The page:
Cutting-Edge Technology and International Connections Lead to Classroom Innovations
During spring term 2023, LeBow’s Center for Innovation in Teaching and Learning announced the recipients of its Innovation in Teaching awards.
“It’s exciting to hear about great new ideas being implemented in courses at LeBow,” says Stacy Kline, CPA, assistant dean for teaching and learning. “Innovations in our courses, our curricula and the way we teach are critical to maintaining a competitive edge and positioning our students for success in a rapidly-changing business world
The honored faculty members, who received a $500 prize along with the award, provided their insights on the courses for which they were recognized and the novel approaches they took in providing valuable skills to LeBow students.
Building In-Demand Skills
Orakwue Arinze, PhD, clinical professor of decision sciences and MIS, dug into a trending IT-based topic, offering undergraduate students the chance to gain hands-on experience in cloud computing.
“I introduced an Enterprise Cloud Computing class using Amazon Web Services (MIS T380) into the Decision Sciences undergraduate curriculum and taught it for the first time in winter quarter of 2022-23. This course introduced students to hands-on cloud computing, enabling them to gain practical skills and understanding of this revolutionary and transformational paradigm for IT deployment and use. According to Indeed.com, cloud computing jobs have the third highest demand in IT, with salaries for cloud engineers at $133,114 on average, and Gartner has forecast worldwide end-user spending on public cloud services to grow 20.7% to $591.8 billion this year, up from $490.3 billion in 2022, so the scale and opportunities are truly huge.
“This content, together with hands-on use of cloud computing and an understanding of how to participate and inform cloud computing deployments in organizations, is both new and novel. Part of the pedagogy enables students to set up real organizations, computing, data, networking and software — not simulations, but actual computing resources in the cloud. This had never been done before at LeBow or at Drexel.
“Drexel prides itself on experiential learning, and this course is exemplary in pursuing this pedagogy. A strong experiential cloud-computing program will be incredibly visual within our region, with only one other university in the area offering a similar course. The course will equip our students with very marketable skills, and potentially AWS certifications, that will improve their value with employers.”
Deepening Global Ties and Impact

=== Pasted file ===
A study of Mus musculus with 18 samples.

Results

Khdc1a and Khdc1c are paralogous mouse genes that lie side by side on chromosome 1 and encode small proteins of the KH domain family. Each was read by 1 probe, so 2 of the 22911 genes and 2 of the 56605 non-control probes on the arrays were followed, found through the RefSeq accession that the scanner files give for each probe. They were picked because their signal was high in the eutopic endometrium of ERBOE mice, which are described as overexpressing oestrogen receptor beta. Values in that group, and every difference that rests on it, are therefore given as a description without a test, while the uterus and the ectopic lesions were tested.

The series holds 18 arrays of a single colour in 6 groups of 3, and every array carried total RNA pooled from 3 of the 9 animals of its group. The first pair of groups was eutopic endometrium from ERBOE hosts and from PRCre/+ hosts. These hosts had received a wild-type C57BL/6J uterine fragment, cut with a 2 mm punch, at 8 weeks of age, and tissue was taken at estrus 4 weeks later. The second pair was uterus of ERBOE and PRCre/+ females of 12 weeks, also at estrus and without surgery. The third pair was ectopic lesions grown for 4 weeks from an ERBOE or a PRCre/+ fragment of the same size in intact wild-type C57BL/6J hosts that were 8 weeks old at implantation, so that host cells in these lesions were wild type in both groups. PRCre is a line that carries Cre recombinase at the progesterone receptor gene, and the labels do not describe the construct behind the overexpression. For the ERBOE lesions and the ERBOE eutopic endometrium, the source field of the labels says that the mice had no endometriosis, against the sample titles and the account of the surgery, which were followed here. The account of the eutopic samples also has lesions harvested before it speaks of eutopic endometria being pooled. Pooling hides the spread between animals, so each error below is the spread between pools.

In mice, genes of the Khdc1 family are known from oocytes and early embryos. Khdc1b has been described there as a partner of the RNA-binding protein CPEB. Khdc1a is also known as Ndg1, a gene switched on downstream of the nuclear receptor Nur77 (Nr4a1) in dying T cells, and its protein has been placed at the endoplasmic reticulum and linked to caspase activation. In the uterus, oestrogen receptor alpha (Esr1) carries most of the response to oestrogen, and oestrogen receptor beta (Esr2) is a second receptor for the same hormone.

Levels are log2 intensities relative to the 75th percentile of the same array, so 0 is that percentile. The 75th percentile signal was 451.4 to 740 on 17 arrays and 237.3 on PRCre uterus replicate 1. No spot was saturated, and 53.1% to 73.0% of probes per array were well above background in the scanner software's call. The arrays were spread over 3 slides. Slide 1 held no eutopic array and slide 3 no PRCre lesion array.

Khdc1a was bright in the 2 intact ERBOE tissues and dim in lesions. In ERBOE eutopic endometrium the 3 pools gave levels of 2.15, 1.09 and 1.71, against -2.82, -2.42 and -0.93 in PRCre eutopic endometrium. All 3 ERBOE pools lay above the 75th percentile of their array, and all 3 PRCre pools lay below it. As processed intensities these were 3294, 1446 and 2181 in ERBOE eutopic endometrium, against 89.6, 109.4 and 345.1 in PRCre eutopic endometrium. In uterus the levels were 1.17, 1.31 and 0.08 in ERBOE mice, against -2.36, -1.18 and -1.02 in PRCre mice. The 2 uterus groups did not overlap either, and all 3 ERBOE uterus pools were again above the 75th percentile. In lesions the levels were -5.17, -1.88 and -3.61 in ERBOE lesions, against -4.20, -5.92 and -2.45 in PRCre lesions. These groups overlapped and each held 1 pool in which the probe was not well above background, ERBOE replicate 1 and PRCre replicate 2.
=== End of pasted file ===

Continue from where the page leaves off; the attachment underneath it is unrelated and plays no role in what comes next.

Dana D’Angelo, MBA, clinical professor of general business, and Jodi Cataline, MBA, clinical professor of general business have led LeBow’s Global Classroom initiative for the past 10 years, and the 2022-23 academic year brought both a new partner and a new area of focus to the students’ experience.
“During winter term 2023, for the two sections of BUSN 102 that were designated as Global Classrooms, we worked with a new partner, Judith Ford from Amsterdam University of Applied Sciences. Together, we developed a new Global Classroom project: a multi-week project in which students examine various UN Sustainable Development Goals, part of the Principles for Responsible Management Education, to which LeBow is a signatory, and how the goals are applied to or focused on the communities around both institutions in the cities of Philadelphia and Amsterdam.
“Students looked at issues, stakeholders, best practices from organizations and people through secondary research and conducted primary research by visiting sites and talking with both experts and community members. They then discussed findings and shared content with peers at AUAS, and then both groups of students collaboratively presented, across two time zones, about their shared learning experiences.
“Although Jodi and I had collectively developed and run more than 50 Global Classroom projects with partners around the globe over the past decade, this is a new approach for the topic for first-year students. The idea was derived from discussions with our global partners, as well as from a further understanding of the importance of LeBow’s PRME report under Assistant Dean of DEI and Sustainability Trina Larsen Andras, PhD. This project should be able to meet current PRME goals as well.
“Through this experience, first-year students are being exposed to the Sustainable Development Goals in depth, using experiential learning to further their knowledge and potentially being influenced to become further involved in global citizenship. Global Engagement is a strategic goal and priority at both the college and university level, and Global Classroom experiences during students’ first year lead to higher engagement and also impact retention.”